Today The Shining is regarded as both one of Jack Nicholson and Stanley Kubrick’s best films. When it came out 35 years ago this week, however, it was largely met with a lackluster response and even earned Kubrick a Raspberry nomination for Worst Director that year. Stephen King certainly wasn’t a fan and blamed Kubrick for failing to grasp the full evil that The Overlook Hotel housed.
In the years since its release, though, the movie has established itself as one of the definitive horror films. It’s one of those movies that has found such long-term success that it’s not uncommon for people to already be familiar with its iconic lines and scenes before even watching the movie due to its presence in pop culture, burrowing its way into everything from music videos to sketch comedy and video games. Here are some of the best examples of The Shining‘s everlasting relevancy.
Homer is a simple man of simple pleasures, so when he isn’t allowed to enjoy his beer or TV he goes a little crazy/murdery. It doesn’t help matters that he’s living in a haunted hotel and being commanded by Moe’s ghost to go on a killing spree. Homer may not be super punctual about carrying plans through, but things don’t turn out well for Groundskeeper Willie in this story from “Treehouse of Horror V.”
Kate Bush “Get Out of My House”
The Dreaming was English singer-songwriter Kate Bush’s fourth album and it was a bit of a concept album in that most of the songs drew their influence from violent films. “Get Out of My House” captures The Shinning’s creepiness right off the bat with haunting vocals, screams, and lyrics like “This house is full of mistakes, this house is full of madness.”
It’s Always Sunny in Philadelphia
One of the standout episodes from season four, “Dennis Reynolds: An Erotic Life” finds Charlie and Dee attempting to experience the other’s dysfunctional life for the day. Dee soon finds out that Charlie lives in a building that might just be haunted by two dead twins, which probably isn’t the most terrifying thing about the place considering the dump is infested by 10,000 rats.
Slipknot “Spit it Out”
Right from the start we know this video is a nod to Kubrick horror with Slipnot’s name going the “redrum” route and band member Joey Jordison scooting around on a Big Wheel. When it was initially released, MTV banned the video for being a little too much like its inspiration with several violent scenes, but after being re-edited, they allowed it to air.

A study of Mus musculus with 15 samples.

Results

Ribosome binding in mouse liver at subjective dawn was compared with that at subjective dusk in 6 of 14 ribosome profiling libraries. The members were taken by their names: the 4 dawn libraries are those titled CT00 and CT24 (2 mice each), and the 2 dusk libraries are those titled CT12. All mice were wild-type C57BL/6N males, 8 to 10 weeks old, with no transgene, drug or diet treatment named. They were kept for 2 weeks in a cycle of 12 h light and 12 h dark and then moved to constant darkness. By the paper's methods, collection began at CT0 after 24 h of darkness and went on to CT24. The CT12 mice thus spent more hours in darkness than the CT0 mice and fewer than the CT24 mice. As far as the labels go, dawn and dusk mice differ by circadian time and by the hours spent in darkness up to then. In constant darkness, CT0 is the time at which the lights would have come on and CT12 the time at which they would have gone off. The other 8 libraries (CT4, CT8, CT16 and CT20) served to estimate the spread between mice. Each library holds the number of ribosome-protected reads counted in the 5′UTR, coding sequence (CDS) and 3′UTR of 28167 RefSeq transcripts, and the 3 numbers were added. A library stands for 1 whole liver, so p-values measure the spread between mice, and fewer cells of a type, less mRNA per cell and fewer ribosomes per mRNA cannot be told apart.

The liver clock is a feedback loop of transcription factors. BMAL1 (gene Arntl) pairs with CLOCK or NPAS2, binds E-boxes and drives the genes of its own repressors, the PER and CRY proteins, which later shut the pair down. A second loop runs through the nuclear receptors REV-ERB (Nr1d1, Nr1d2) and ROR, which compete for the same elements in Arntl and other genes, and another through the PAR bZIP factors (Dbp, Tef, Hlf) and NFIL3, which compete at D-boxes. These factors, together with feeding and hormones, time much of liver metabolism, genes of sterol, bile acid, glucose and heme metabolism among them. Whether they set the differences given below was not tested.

Few business endeavors have the potential to be more terrifying than looking after a haunted hotel, but buying into Blockbuster Video proves to be one of them. Nobody wants to step foot in the historical artifact in the “A Nighmare on Facetime” episode, and the rejection is enough to slowly drive Randy insane. Stan’s blood is on your hands, Netflix.
Family Guy gives a nod to The Shining in several episodes. First, in “Peter, Peter, Caviar Eater” Stewie encounters the ghost twins on his tricycle and simply runs them over, and later in “PTV” they get a taste of his bazooka.
In a blink-and-you’ll-miss-it moment, Daria takes the opportunity to voice her opinion on the creepy-looking hotel the Morgendorffer clan will be staying at with Danny Torrance’s famous line.
Duke Nukem 3D
Players of Duke Nukem 3D were treated to a level that looked like a spot-on recreation of the eerie halls of The Overlook Hotel. If that wasn’t cool enough, you also got to blast an ax-wielding Jack Torrance.
Key & Peele
A lifetime of continental breakfasts might seem like the sweet life at first, but I suspect even one of those make your own waffle bars would become torturous rather quickly. This fantastic sketch by Key & Peele starts off with a very excited man who has apparently never stayed at a Comfort Inn overly enjoying some free muffins. It’s not until the very end, though, that we learn he’s been condemned to a lifetime at his hotel.
It’s hard to match the creep-out level of the original twins in The Shining, but UK Simon Pegg/Nick Frost/Edgar Wright series, Spaced, comes awfully close in the above scene as main characters Daisy and Tim think that they’ve found their dream apartment before opening the closet door.